Barry McCaffrey and Robert Baer: Investigate the Bush White House on Torture
How shall I put this? To say four-star General Barry McCaffrey is no sycophant of the Bush/Cheney regime is to say it's damp at the bottom of the Marianas trench. But McCaffrey, who's got some cred with such veterans as H. Norman Schwarzkopf, wants an investigation into the Bush White House concerning torture. Moreover, he has a strong opinion about the matter with which I completely agree:
"We should never, as a policy, maltreat people under our control, detainees. We tortured people unmercifully. We probably murdered dozens of them during the course of that, both the armed forces and the C.I.A."
in every sense of both words of that phrase).
The last point I completely agree with. Since 9/11, I have regularly gotten calls from very smart, talented people who intend to join the CIA. Competing against their résumés, I would never make the cut today. So I'll split the difference and help the CIA figure out how to keep a new generation from running for the door like I did.
For a start, current management has got to go. For too long it has truckled to power, spending its day scurrying down to 1600 Pennsylvania Ave. for orders. If it's not Cheney treating George Tenet as a court jester, it's some analyst badgered until he changes his assessment. What I'm trying to say is that it's not the CIA that is broken, it's Washington — which means the quick fix is to build a firewall between a hopelessly partisan Washington and the CIA. And it wouldn't cost much:1. Move the CIA out of Washington. Maybe to Spokane, Wash. Or at least far enough away from D.C. that directors and the rank and file cannot be summoned to the White House for a browbeating. (See 10 things to do in Washington, D.C.)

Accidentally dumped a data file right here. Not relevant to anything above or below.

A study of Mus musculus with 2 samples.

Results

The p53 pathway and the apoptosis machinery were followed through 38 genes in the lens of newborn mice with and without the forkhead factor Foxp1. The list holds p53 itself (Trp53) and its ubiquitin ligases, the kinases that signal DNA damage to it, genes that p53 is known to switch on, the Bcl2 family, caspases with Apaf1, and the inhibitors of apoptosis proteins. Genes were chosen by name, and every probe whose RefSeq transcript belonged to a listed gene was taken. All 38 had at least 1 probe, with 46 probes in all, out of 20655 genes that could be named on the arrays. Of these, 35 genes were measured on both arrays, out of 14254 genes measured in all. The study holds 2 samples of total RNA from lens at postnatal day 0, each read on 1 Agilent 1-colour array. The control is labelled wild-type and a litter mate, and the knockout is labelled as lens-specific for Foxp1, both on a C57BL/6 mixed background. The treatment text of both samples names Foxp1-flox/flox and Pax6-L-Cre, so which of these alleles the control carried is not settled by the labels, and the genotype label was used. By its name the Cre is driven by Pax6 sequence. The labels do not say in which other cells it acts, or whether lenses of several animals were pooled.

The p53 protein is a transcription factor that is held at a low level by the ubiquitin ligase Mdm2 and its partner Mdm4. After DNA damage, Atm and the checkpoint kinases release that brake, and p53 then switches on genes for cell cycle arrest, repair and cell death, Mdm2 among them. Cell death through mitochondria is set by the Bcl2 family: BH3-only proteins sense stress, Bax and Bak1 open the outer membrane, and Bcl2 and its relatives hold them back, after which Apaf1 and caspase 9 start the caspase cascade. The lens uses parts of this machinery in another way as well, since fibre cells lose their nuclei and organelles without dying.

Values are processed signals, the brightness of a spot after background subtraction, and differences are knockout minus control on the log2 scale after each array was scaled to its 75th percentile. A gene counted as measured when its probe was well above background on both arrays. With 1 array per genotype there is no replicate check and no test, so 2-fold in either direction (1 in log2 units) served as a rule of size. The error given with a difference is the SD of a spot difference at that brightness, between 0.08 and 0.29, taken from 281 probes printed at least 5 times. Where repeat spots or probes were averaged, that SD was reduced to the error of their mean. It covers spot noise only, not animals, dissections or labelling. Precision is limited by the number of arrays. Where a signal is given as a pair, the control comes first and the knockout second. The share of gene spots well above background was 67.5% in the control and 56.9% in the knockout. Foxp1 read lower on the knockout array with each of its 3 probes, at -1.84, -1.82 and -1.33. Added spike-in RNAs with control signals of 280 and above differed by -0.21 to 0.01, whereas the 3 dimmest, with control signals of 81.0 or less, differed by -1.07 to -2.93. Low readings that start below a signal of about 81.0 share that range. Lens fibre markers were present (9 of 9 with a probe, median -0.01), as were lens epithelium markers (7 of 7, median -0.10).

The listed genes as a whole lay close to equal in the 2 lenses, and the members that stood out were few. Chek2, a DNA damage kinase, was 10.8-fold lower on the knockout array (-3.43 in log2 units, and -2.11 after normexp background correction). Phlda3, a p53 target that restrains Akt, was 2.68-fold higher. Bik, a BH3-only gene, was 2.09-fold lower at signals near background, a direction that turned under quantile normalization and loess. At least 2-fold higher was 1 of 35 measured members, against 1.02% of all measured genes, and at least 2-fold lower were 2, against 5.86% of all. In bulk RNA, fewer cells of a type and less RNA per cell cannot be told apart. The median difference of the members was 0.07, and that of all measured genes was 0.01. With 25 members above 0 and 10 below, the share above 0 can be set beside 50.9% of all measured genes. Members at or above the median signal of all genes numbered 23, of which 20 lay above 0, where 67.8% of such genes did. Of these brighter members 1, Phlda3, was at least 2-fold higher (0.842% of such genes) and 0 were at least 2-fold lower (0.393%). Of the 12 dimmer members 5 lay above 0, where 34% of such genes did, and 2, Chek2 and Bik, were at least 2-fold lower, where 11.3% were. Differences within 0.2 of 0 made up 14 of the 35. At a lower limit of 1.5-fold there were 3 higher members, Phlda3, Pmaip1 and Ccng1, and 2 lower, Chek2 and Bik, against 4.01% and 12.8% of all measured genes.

2. Give CIA directors tenure, with terms of 10 years. Knowing that he couldn't lose his job, a director would be more inclined to tell the truth. (Under my plan, a director could be removed only by the President for gross incompetence, with the concurrence of Congress.)
3. Take covert action away from the CIA. Covert action is little more than propaganda, which only gets in the way of looking at the world objectively.
4. End the revolving door between the CIA and Beltway bandits — in other words, stop the featherbedding. There would be no more resigning from the CIA on Friday afternoon and coming back Monday morning as a contractor making three or four times the salary.
5. Closing that revolving door would mean a serious increase in salaries. We can't ask our spies to live in the back of beyond for 20 years and not pay them a professional's salary.
6. Create two classes of CIA employees. For example, there are hundreds of ethnic American Pashtuns ready to go work for the CIA in Afghanistan and Pakistan, but their murky family and tribal ties prevent them from being hired. However, they could be brought in with lower security clearances. Spies in the field rarely need to see the crown jewels to do their job.
I don't want us to hurry into this. I don't want us to mess this up. I sure as hell, as a vet and the mother of boys who might be soldiers in some dark future day, don't want us to let this go. Not only do we owe the people who were tortured and murdered, we owe their families. We owe our soldiers, sailors, airmen, Marines, Coast Guards, past, present, and future.